The threat of Zika virus in North Dakota is a remote but real concern, a viral researcher and the North Dakota Department of Health says. The Zika virus itself produces mild flu-like symptoms, according to Barry Milavetz, a virology expert and associate vice president for research at the University of North Dakota. The threat is from Zika’s possible link to neurological and autoimmune complications and to infant microcephaly. “The primary problem is for pregnant women,” Milavetz said, “but I do not believe that the mosquito that carries Zika is common here.”
Jamestown High School football may be moving classifications starting with the 2017-18 season, according to Jim Roaldson, JHS activities director, in his report to the Jamestown Public School Board on Monday. The North Dakota High School Activities Association readjusted the formula used to determine classification and came up with 14 Class AAA teams, 10 AA, 32 A and the rest will be nine-man teams, he said. The JHS move down to AA from AAA is not final, he said.
Isaac Hasbargen, 9, left, and Karen Mattson, 10, work on their tessellations projects after learning about the mathematical art of M.C. Escher Thursday at the Arts Center in Jamestown. They are students in Miranda Letherman's Arts After School program. Tom Laventure | THE SUN
A grant from the U.S. Army Corps of Engineers will make it possible for the city of LaMoure to improve its flood-prone sanitary sewer system. The $3.9 million federal investment was included in the corps’ budget, Sens. John Hoeven, R-N.D., and Heidi Heitkamp, D-N.D., announced Tuesday. The system of clay pipes dates back to the 1930s and 1940s. In high water years from flooding, the city is required to bypass the system and pump sewage directly into the environment, they said.
A St. Patrick’s Day weekend crowd will take to the streets and bars of Jamestown on March 19 for the 38th annual Runnin O’ the Green. Proceeds go to support people fighting cancer and Camp Grassick, a summer camp operated by the Elks of North Dakota near Dawson, N.D., for children and adults with disabilities or special needs. “It’s a wonderful camp and they are doing a marvelous job out there,” said Larry Knoblich, Run founder.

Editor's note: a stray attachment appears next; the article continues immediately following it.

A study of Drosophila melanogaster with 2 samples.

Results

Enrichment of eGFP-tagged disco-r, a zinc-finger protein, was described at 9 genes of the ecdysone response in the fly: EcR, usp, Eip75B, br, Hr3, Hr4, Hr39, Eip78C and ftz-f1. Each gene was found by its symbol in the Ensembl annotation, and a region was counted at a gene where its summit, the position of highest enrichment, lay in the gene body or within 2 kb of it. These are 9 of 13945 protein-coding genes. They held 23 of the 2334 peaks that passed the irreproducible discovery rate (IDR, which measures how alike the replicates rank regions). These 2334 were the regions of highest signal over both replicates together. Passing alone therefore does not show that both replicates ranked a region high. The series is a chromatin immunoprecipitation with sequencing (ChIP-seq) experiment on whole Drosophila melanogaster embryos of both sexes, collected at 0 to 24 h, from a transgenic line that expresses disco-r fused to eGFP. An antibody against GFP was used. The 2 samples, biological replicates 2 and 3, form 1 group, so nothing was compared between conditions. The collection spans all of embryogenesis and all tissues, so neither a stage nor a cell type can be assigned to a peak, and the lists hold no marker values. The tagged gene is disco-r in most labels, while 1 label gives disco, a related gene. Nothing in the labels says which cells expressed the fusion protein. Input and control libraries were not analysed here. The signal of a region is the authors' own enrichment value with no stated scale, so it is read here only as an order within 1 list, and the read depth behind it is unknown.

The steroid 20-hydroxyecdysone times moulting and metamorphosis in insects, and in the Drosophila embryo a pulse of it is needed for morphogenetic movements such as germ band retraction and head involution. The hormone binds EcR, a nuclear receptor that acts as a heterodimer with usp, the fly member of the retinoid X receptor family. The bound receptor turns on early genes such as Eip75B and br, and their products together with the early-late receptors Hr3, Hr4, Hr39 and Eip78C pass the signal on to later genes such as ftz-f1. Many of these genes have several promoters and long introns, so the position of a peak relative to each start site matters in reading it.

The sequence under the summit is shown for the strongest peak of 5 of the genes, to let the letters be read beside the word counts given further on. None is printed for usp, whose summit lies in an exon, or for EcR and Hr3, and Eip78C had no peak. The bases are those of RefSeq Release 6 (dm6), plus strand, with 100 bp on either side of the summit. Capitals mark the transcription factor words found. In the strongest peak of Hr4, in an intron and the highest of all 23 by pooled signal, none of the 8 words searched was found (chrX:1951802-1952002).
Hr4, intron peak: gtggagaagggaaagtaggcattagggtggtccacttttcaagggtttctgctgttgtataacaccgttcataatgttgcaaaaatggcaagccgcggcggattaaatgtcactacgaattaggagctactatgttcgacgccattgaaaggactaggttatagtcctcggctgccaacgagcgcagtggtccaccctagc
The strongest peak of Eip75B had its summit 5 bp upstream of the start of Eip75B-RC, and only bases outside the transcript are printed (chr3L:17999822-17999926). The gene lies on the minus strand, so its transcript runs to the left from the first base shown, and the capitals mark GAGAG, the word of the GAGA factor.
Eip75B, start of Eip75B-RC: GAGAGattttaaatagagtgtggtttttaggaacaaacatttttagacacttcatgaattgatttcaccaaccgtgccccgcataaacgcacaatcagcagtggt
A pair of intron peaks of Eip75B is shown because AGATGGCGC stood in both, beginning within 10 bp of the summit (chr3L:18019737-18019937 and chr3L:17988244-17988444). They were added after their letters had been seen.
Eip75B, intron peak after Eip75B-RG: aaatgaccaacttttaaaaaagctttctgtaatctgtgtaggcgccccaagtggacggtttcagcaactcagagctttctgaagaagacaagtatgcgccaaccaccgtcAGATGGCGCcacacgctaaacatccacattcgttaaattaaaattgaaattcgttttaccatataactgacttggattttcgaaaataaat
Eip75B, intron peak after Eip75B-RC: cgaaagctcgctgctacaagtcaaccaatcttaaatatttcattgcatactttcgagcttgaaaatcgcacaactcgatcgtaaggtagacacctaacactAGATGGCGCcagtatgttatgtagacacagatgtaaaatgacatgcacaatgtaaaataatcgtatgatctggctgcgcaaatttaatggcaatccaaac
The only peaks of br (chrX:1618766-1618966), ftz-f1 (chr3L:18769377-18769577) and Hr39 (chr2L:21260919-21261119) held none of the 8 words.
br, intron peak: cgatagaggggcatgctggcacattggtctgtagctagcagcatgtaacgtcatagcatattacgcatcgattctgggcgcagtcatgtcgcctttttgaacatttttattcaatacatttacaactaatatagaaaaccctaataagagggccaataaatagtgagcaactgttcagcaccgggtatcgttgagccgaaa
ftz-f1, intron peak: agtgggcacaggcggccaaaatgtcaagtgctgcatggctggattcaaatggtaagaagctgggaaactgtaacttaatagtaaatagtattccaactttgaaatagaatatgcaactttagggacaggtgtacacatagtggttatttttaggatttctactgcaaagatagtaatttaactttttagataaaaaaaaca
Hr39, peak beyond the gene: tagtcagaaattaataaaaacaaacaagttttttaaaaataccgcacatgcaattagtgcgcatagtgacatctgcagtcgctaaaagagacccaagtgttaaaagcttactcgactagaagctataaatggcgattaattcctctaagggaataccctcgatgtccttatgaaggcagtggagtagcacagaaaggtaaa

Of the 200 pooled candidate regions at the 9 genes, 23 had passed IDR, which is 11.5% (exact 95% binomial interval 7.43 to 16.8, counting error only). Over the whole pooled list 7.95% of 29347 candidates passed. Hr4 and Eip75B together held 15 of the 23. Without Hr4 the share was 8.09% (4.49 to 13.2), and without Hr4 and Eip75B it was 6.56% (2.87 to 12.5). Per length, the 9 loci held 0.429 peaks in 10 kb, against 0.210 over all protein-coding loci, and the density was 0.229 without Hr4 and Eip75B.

A one-day online giving event has helped increase small organizations' budgets enough to add programs or expand geographic areas, according to an organizer for Giving Hearts Day. After nine years the annual Giving Hearts Day has become the largest one-day donation event for nonprofits in North Dakota, said Sara Stolt, director of strategy and initiatives at Dakota Medical Foundation. Donors like to see the charities profiled in one place and donate to them on one day when they know the matching funds will do so much good, she said.
The Frontier Village Association board learned at its meeting Thursday that $6,000 in anticipated funding will not be coming from Stutsman County. FVA Secretary-Treasurer Tina Busche said a Stutsman County mill levy grant request is not on the approved grants list. She said FVA was directed to have its accountant submit additional documents that did not arrive by the July 28 deadline. The mill levy grant for 2015 was $6,298 and covered insurance and accounting costs for FVA, Busche said. FVA will now have to make up that funding elsewhere, she said.
Jamestown High School senior Dan Reimers will start on a dream he has worked toward since he was 13 years old after accepting an appointment Saturday to the United States Military Academy at West Point in New York. "I report on June 27, which is reception day (at West Point)," said Reimers of Jamestown. "We stay in the east barracks all summer for training before the start of the academic year — the transformation of the civilian into a cadet."
The Teaches Connect app is Jamestown Public School District’s new personalized instant communications tool for smartphones and tablets, but is also a tool for parents and students to keep tabs on daily progress. “It’s not just an app when it’s about your kid,” said Pam Brown, the school district’s webmaster, K-12 curriculum and staff development coordinator.